QI’s Afghanistan Experts Reflect on Withdrawal, Next Steps for U.S. Engagement in Central Asia


CONTACT: Jessica Rosenblum, Communications Director, [email protected]

WASHINGTON, DC — The Quincy Institute’s Afghanistan experts – Research Fellows Anatol Lieven and Adam Weinstein – released the following statement reflecting on the completion of U.S. military withdrawal from Afghanistan earlier this week, and laying out a path for future U.S. engagement in the region rooted in core American interests and commitments.

“President Biden’s completion of the U.S. military withdrawal from Afghanistan, which began under the Trump administration, will go down in history as a courageous decision. The withdrawal from America’s longest active war is a recognition that the United States cannot lead through unending projection of military power abroad, and of the impossibility of the United States recreating very different societies in its own image through military occupation. It is also a reflection of the wishes of a majority of Americans across the ideological spectrum who reject the idea that the United States’ moral or strategic destiny can be fulfilled by pursuing global military domination and the open-ended wars it begets. 

The United States has a clear decision in front of it. We can pursue a contradictory policy of diplomatic disengagement combined with sporadic sanctions, muddled covert operations, and drone strikes, conducted unilaterally and without either an overall U.S. strategy or coordination with other states. Or we can learn from the past and develop a more sustainable way to defend vital national interests and pursue common human goals through engagement with partners, adversaries, and the world in general.  

Afghanistan is a country of nearly 40 million people whose lives have been shaped by the U.S.-led military intervention and other U.S. policies dating much further back. Now is not the time to wipe our hands clean of Afghanistan. Military withdrawal does not cancel the promises made by America to ordinary Afghans to help improve their lives. Ending forever wars must be succeeded by a policy rooted in pursuing U.S. interests through diplomatic and economic engagement in cooperation with Afghanistan’s neighbors. The United States must recognize both that its own ability to work its will in Afghanistan and elsewhere is limited, and that regional countries have legitimate vital interests that the United States must respect while of course also pursuing American interests. Regional cooperation is therefore vital to containing future threats from Afghanistan and influencing Taliban behavior in a positive direction. Most importantly, future U.S. engagement in the region should be rooted in several core interests and commitments:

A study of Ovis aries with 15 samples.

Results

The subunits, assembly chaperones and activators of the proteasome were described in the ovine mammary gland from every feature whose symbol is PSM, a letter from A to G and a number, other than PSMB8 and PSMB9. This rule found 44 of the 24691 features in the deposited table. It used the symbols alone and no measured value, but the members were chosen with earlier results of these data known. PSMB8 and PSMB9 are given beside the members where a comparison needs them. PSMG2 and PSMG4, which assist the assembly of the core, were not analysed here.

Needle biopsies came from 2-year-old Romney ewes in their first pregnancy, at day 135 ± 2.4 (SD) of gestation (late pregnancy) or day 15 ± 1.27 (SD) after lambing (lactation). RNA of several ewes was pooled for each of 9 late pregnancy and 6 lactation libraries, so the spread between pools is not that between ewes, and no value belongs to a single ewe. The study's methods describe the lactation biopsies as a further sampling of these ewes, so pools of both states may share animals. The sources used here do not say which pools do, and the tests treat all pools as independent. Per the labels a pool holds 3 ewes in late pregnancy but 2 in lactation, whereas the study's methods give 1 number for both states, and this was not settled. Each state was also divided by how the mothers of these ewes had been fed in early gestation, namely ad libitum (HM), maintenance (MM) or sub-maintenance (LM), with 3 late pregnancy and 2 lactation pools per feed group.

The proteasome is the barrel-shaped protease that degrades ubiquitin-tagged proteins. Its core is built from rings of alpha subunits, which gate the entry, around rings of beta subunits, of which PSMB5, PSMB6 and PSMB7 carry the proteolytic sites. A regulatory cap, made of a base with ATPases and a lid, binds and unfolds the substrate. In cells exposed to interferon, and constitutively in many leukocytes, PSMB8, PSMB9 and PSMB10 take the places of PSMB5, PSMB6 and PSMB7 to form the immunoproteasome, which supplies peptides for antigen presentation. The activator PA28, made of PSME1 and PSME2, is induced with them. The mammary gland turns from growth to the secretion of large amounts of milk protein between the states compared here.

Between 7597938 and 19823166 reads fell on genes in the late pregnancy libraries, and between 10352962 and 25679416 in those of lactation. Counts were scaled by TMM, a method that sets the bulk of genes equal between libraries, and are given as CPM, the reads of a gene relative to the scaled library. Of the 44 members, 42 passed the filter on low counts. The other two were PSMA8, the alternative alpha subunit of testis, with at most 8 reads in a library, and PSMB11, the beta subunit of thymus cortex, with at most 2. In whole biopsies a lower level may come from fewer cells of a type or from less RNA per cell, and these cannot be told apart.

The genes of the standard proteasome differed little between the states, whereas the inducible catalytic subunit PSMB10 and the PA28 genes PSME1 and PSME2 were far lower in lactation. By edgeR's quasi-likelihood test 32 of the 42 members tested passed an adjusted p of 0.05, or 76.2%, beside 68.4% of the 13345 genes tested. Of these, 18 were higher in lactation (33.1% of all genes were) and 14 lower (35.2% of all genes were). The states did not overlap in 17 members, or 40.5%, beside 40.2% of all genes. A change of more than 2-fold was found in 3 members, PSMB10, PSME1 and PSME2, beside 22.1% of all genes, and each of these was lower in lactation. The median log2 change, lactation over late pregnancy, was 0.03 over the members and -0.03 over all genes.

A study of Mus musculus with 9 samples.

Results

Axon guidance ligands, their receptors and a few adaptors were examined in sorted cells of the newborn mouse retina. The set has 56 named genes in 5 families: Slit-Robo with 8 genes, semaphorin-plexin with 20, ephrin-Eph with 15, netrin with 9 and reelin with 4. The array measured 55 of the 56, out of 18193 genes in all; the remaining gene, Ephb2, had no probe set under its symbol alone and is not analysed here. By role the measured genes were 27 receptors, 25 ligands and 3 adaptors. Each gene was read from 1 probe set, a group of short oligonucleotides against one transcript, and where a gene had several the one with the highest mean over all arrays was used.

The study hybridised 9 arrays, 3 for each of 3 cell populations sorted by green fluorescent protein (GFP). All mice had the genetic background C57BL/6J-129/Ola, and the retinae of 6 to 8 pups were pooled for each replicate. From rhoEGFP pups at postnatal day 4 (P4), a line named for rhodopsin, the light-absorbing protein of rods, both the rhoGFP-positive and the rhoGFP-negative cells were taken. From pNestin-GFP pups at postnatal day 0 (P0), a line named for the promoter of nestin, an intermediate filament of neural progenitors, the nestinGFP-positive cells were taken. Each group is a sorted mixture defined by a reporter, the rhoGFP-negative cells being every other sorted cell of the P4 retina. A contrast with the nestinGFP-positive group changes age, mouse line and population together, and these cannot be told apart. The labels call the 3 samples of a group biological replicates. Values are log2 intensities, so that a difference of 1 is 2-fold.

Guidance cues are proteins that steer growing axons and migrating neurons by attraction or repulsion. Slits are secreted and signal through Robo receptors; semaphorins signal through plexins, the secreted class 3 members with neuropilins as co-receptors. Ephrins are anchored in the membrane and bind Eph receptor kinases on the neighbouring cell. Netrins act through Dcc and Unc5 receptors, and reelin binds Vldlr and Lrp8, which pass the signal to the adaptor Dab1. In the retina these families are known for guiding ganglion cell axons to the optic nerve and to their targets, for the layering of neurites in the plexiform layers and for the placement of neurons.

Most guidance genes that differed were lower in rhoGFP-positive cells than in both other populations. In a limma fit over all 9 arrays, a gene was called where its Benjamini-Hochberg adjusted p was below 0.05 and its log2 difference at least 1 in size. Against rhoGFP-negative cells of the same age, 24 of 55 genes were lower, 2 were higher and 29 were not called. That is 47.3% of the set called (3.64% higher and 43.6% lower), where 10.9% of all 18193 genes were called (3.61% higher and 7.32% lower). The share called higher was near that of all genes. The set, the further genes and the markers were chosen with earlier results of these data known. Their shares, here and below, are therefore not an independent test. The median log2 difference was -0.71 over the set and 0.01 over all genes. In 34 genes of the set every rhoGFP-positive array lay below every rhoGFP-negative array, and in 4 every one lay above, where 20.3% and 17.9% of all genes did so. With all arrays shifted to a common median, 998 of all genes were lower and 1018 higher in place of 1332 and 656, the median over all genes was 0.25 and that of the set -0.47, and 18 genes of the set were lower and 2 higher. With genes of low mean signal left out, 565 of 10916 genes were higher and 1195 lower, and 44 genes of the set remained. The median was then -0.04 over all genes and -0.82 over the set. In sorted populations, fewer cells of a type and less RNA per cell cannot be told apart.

Refugees – The United States should continue to take steps to ensure remaining Special Immigrant Visa (SIV) applicants and their families find their way out of Afghanistan to the United States. We must also work closely with the international community to relocate vulnerable Afghans in third countries and the United States. 

Drone usage –  The proliferation of drone warfare has proved counterproductive over time and destroyed countless families. Time and time again innocent lives are taken as a result of flawed intelligence. We must have a reckoning with this dismal record and open investigations into our past failures and the lives ruined as a result. Strikes should be a tool of absolute last resort against targets with an imminent intention and capability to kill Americans. 

Diplomacy – Diplomacy with the Taliban and other political actors in Afghanistan should continue through the U.S. Embassy in Qatar with the aim of reopening a diplomatic mission in Afghanistan. Consular services must be continued inside Afghanistan through a third country’s diplomatic mission or ideally a U.S.-run diplomatic office. Recognition of the Taliban-led government will ultimately depend on the behavior of the Taliban but dialogue must continue regardless. 

Aid – The United States and international community need to develop a plan to continue humanitarian  aid. Afghans should not be plunged into starvation due to political grandstanding, aid cut-offs, or sanctions that will have little effect on the Taliban. Aid and financial support beyond humanitarian initiatives should remain contingent on the Taliban-led government’s protection of fundamental human rights. 

Security – Washington should adopt a global, partnership-driven counterterrorism strategy and work with regional countries on shared interests, including counterterrorism and suppression of the heroin trade. Combating heroin and international terrorism are vital interests of Russia and China as well as of the United States. The Biden administration has stated that it wishes to cooperate with these countries when appropriate and possible. Afghanistan is a good place to begin.”